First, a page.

Vintage photography and parade float sculptures greet visitors upon entering. Photo by Dan Lewis

On Exhibit: ‘Masquerade’ at the Louisiana State Archives

“People on the outside have certain perceptions of New Orleans Mardi Gras, but as someone who grew up in New Orleans, this feels like an incredible flashback.”

These words come from John Tobler, deputy secretary of communications, outreach and promotions for the Louisiana Department of State, as he peers down into a display case of century-old ducal medals worn only by Krewe of Rex royalty. Behind Tobler, and in the lobby, and all around the long front room of the Louisiana State Archives building, cabinets of curiosity line the walls of the exhibition “Masquerade: The Tradition of New Orleans Mardi Gras,” with displays of what curator Angela Cinquemano refers to as the “Mardi Gras multiverse.”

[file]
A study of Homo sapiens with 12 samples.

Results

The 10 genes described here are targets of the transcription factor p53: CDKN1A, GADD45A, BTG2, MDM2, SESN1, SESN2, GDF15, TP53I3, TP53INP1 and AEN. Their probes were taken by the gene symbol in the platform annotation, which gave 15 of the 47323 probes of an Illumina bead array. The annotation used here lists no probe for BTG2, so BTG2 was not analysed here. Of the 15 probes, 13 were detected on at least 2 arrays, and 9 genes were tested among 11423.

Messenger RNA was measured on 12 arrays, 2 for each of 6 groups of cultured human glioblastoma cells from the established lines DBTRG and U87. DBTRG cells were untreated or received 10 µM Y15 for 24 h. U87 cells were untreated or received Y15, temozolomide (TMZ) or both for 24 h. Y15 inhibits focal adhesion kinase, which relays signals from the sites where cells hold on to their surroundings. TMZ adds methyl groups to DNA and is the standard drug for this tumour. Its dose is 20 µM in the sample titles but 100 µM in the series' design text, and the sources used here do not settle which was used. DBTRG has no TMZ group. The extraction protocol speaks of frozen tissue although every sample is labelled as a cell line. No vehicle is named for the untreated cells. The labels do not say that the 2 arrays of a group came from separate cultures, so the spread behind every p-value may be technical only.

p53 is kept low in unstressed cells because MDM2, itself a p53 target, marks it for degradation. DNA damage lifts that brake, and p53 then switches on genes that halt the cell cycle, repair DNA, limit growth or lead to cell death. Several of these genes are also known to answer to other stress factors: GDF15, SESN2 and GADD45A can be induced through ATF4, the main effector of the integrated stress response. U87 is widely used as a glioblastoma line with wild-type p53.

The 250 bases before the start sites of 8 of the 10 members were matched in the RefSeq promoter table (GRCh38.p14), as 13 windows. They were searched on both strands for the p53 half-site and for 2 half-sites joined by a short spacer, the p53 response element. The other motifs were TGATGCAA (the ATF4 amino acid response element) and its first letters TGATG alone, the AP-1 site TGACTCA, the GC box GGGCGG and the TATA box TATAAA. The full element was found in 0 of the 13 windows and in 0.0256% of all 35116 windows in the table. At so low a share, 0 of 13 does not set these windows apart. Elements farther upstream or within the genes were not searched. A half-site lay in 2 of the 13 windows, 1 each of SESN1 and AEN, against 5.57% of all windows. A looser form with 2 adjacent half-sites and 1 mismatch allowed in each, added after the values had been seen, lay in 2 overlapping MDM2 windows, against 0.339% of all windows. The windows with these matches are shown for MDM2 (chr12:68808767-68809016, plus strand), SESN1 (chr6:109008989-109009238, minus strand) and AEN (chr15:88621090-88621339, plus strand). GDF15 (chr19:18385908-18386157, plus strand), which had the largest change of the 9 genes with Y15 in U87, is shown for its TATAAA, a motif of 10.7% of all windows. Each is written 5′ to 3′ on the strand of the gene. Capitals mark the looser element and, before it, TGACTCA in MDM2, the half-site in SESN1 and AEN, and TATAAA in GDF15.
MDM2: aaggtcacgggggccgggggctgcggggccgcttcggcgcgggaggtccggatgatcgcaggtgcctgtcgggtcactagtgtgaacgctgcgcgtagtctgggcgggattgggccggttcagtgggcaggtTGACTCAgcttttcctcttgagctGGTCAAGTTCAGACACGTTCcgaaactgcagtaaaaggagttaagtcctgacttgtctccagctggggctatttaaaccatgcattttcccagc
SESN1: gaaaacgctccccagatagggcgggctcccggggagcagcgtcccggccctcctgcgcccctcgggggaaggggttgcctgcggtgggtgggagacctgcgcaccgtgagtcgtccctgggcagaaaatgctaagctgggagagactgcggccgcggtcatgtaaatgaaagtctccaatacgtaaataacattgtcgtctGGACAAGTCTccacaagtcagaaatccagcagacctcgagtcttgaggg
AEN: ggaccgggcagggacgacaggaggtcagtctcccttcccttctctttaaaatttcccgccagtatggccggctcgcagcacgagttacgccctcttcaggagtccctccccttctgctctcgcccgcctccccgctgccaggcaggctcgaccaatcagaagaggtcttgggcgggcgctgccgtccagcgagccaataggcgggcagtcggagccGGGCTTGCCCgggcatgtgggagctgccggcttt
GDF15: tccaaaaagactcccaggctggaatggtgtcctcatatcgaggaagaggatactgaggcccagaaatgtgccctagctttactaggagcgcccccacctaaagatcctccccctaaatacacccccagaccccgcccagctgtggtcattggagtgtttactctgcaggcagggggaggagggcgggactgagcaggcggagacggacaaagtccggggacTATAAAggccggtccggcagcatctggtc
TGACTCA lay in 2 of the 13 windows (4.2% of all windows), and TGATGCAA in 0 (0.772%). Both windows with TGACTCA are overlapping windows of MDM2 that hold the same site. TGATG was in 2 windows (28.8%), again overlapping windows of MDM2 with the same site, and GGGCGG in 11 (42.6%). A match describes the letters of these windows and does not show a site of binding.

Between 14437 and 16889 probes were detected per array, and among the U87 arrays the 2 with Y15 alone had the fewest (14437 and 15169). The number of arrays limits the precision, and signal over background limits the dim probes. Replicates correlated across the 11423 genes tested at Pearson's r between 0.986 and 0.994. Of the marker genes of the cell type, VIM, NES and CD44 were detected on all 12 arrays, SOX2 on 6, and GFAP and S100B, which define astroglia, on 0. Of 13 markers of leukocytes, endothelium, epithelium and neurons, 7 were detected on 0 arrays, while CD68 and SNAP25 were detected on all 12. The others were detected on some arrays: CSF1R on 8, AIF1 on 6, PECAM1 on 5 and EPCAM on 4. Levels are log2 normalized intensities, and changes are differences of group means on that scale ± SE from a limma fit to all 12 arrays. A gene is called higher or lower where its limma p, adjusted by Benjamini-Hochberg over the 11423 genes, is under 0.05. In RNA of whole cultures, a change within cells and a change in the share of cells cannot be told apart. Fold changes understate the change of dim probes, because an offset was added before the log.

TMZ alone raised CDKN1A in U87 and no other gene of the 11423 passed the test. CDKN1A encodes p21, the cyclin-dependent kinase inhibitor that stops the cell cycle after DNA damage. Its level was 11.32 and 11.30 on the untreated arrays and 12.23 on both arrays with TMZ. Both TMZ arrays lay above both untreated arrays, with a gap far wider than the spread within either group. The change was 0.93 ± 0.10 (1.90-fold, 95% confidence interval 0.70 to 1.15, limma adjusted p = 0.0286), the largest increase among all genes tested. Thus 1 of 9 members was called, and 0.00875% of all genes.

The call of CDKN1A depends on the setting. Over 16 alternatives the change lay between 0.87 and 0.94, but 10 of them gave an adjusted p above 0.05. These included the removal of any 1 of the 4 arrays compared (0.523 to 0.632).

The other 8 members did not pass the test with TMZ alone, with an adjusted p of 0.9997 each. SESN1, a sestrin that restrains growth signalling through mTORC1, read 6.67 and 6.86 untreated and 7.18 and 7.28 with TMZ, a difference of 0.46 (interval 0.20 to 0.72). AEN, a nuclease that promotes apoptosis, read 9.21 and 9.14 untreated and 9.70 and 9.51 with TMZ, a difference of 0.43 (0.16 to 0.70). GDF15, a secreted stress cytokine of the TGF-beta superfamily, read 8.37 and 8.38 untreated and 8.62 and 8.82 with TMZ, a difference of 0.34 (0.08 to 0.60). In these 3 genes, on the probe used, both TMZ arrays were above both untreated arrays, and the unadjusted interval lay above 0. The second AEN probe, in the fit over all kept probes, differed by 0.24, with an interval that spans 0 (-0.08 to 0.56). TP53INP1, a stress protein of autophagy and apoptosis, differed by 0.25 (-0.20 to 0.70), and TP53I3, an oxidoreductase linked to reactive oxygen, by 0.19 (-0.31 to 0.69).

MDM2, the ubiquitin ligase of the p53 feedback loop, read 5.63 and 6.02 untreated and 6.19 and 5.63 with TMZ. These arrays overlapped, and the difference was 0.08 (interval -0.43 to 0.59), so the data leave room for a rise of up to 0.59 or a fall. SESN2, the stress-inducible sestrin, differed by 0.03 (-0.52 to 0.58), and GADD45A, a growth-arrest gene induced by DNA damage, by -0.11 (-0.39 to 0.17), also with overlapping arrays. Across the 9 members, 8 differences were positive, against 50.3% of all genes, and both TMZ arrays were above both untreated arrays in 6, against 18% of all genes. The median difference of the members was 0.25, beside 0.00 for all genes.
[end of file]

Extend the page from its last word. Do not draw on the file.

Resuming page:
“What you think you know about Mardi Gras custom and tradition may be true,” Cinquemano says, “but there are also infinite doors that you may never have opened.”

During this exhibition, visitors can journey through history, beginning with the Crescent City’s first krewe, Comus, founded in 1856, before traveling deeper into even older Carnival traditions like Tremé’s Northside Skull and Bone Gang, which dates to 1819. Exhibits on contemporary krewes like the Krewe of Red Beans and sci-fi-specific Chewbacchus carry them all into the present day.

Many of the objects come from the collection of Arthur Hardy, the historian and author whose educational videos can be accessed via QR codes beside each glass display case. Also highlighted here are decades-old photos restored from the Archives’ own collections, as well as treasures—including feathery costume sketches by famed designer San nicholas—from the Louisiana State Museum.

In conjunction with the exhibition, the Friends of the Louisiana State Archives will host its inaugural Spring Gala, a Carnival-style celebration, on March 6. For Archives executive director and state archivist Catherine Newsome, the gala serves as a welcome return to the pleasures of Mardi Gras past. “After two years of postponements,” she says, “it’s really cool that we can bring Mardi Gras back through this exhibit.”